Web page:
I had a bordering-on-fairly good lunch at Le Crocodile.
-- Foie gras with balsamic vinegar-reduction sauce (one of the specials of the day)
The foie serving is huge a single serving was more than enough for two diners to share. A thick and appropriate cooked large piece of foie that I enjoyed. A dark, meat-stock-based sauce with balsamic reduction. A loose latticed deep-fried potato sliver tuile-like crisp on top of the foie. A bit of mache-like vegetables raw on top of the foie emolliated with a bit of white truffle oil.
I had a glass of Gehringer Late Harvest Riesling, 02 Oakanagan (C$8). I had chosen it over the suggestion of the dining room team member of a Sauternes by the glass. The Gehringer was a bit fruity for my preferences.
-- Lobster Bisque scented with cognac and topped with crème fraiche (C$6.50)
The soup for which Le Crocodile is known is a tomato and gin soup, with some crème fraiche and diced chives on top. Its quite acidic for a cream-based tomato soup, based on my recollection, but I had liked it. This time, I sampled the lobster bisque, which had a nice balance. The bisque also has some crème fraiche and diced chives on top of the large, traditional-styled soup bowl. The bisque was fairly good, carrying a slight hint of acidity (perhaps from the Cognac?).
I drank a glass of Quails Gate Allison Ranch, Chardonnay 2002, Oakanagan (C$11.25), with the soup and the entree. While no oak is utilized in the winemaking for this item, I thought the Chardonnay lacked finesse. As an aside, this restaurant has an interesting range of pricing on its wine list. One can go from the heights of a 45 Haut-Brion for $10,500 (first time Ive seen this wine offered at a restaurant; my preferred red is Haut-Brion) to reasonably priced Okanagan whites.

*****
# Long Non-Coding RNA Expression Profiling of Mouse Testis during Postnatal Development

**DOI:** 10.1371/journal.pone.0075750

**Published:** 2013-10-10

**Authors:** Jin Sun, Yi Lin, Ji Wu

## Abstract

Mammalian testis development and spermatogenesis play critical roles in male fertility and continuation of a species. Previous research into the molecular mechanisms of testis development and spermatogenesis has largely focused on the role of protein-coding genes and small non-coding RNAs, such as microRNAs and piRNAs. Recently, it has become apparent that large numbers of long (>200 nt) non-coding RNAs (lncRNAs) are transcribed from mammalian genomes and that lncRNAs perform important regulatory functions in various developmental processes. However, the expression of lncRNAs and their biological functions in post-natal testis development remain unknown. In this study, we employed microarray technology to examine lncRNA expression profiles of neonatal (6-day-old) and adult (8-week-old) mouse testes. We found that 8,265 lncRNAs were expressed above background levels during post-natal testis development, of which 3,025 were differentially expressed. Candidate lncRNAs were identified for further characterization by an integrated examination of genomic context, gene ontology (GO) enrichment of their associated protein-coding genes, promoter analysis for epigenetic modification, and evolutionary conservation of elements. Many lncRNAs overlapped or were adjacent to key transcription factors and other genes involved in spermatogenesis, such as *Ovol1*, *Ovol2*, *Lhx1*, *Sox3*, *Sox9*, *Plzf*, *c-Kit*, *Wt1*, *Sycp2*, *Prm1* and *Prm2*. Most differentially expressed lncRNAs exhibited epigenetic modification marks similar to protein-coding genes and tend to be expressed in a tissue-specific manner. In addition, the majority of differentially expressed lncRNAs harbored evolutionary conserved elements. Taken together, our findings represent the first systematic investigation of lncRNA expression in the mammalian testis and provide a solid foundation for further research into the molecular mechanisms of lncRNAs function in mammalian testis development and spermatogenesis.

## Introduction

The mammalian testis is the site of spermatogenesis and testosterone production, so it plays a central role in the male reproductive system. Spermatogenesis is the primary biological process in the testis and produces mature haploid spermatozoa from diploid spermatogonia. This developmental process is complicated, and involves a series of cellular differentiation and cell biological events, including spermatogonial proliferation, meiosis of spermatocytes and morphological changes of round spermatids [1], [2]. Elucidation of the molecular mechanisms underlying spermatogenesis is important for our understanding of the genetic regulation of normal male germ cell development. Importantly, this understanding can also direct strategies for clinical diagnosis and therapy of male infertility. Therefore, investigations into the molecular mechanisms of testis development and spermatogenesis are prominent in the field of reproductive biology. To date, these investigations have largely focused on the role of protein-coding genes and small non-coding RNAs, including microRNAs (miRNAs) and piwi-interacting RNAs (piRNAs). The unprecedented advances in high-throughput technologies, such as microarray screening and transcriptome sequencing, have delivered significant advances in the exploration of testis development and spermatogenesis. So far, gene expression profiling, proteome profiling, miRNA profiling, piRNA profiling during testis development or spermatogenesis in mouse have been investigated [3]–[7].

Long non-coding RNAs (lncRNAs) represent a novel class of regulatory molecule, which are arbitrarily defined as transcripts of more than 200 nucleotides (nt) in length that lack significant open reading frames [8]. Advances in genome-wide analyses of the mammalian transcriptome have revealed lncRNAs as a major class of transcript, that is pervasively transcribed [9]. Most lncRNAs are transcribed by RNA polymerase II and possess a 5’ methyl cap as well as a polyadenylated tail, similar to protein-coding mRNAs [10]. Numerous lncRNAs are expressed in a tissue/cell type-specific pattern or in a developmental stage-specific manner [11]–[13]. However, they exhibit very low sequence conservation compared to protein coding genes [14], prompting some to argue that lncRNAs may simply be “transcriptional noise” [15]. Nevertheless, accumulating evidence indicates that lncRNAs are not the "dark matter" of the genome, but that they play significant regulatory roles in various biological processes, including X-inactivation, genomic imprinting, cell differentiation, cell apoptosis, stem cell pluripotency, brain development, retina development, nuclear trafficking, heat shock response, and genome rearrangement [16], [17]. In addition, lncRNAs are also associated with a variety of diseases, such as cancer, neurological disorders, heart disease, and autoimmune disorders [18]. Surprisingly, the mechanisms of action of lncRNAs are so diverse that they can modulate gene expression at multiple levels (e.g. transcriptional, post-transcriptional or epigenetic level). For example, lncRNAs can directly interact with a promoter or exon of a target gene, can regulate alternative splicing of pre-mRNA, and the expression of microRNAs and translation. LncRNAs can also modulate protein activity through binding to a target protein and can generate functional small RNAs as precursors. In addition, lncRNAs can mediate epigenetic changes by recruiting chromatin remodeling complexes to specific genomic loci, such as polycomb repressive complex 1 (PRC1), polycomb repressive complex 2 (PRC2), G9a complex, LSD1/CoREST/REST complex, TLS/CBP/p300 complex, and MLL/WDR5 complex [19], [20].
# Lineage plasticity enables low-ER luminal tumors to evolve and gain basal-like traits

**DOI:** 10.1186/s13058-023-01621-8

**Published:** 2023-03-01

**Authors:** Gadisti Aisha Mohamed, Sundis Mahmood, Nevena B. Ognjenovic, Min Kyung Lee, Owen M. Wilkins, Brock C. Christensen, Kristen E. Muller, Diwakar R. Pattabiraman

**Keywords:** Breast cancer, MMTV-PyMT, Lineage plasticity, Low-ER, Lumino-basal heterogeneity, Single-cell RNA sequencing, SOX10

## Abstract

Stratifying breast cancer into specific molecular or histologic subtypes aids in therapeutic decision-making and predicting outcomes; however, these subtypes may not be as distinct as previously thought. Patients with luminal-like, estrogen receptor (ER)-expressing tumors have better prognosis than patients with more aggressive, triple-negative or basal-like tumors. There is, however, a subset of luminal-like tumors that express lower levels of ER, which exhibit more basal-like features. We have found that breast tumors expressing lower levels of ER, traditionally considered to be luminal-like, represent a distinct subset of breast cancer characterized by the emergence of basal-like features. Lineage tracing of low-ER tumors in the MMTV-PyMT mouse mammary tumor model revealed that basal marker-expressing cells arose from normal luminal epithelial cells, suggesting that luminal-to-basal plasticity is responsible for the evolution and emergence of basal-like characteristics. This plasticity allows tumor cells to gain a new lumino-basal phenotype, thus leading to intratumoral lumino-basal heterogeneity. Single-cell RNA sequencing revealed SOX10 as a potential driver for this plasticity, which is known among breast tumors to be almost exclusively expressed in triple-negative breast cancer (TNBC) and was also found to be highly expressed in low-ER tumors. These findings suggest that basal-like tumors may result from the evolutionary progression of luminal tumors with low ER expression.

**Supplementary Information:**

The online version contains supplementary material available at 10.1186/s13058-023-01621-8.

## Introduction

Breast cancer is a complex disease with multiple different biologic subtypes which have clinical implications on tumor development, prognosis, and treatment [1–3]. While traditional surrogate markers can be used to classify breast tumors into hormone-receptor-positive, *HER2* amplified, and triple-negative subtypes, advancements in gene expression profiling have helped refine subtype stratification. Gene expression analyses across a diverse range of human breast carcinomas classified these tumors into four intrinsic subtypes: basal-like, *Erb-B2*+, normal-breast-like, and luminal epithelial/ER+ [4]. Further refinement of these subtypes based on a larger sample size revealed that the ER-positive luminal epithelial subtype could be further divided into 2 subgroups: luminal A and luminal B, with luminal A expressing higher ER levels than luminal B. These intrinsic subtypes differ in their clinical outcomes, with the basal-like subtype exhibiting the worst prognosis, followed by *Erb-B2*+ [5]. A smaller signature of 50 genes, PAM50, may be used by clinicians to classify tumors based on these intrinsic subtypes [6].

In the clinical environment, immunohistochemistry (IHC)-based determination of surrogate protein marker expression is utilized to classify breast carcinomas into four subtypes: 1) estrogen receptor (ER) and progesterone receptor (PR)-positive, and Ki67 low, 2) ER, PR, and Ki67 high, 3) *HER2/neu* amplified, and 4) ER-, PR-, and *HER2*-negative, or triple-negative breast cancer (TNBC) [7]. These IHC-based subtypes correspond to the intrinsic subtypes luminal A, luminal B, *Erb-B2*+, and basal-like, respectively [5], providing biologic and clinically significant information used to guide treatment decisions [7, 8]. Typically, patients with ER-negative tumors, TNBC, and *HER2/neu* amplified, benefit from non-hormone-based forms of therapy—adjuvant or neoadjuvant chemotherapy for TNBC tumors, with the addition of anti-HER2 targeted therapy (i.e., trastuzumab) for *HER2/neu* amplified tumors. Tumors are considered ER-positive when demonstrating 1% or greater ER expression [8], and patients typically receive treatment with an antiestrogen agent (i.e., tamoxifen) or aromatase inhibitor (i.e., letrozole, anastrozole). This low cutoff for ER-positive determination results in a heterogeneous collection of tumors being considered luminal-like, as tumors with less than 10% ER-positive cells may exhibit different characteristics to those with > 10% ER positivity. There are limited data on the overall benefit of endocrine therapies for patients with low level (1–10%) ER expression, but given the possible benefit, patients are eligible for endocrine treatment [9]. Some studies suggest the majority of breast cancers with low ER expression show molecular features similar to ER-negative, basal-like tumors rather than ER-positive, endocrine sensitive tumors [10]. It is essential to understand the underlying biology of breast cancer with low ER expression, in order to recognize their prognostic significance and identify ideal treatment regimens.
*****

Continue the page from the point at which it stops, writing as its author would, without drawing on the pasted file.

-- Menu Express; Daily Soup (potato and watercress, cream-based soup) or Butter Lettuce Salad with Dijon Vinaigrette, followed by Special Daily dish (in this case, Artic Char with a wine-reduction sauce), but no dessert, for C$20
One aspect of Le Crocodile that is not generally focused upon is how reasonably priced lunch there can be, if one chooses the Menu Express with a glass of wine. The C$20 menu changes daily, but always includes a daily soup or butter lettuce salad (a nest-like structure of Romaine with a little ½ of a boiled quails egg nestled in the middle on top) and a main course. I ordered the Menu Express because a dining companion was going to order the Butter lettuce salad anyhow, and I was able to switch with her for the a la carte lobster bisque. I also wanted to sample the artic char.
Here, the artic char was appropriately a fish that had flesh in between salmon and trout (as opposed to tasting too much like salmon). A relatively thin filet had crispy skin, and was slightly overcooked for my tastes. But the fish still tasted fairly good, and the cream-and-white-wine-based saucing was nice. Chunks of vegetables (e.g., zucchini) were appropriately cooked on the side of the plate.
Ive noticed Le Crocodile tends to make fairly good cream-based, more traditional-style French sauces. The Artic char was an example of this, as was the saucing for the daily special of veal chops with chanterelles and other mushrooms sampled by my dining companions. Members might wish to focus on dishes that have interesting saucing when they visit this restaurant.
Solicitous and professional service. A restaurant I would revisit, particularly in view of the two-course Menu Express at C$20 (US$15).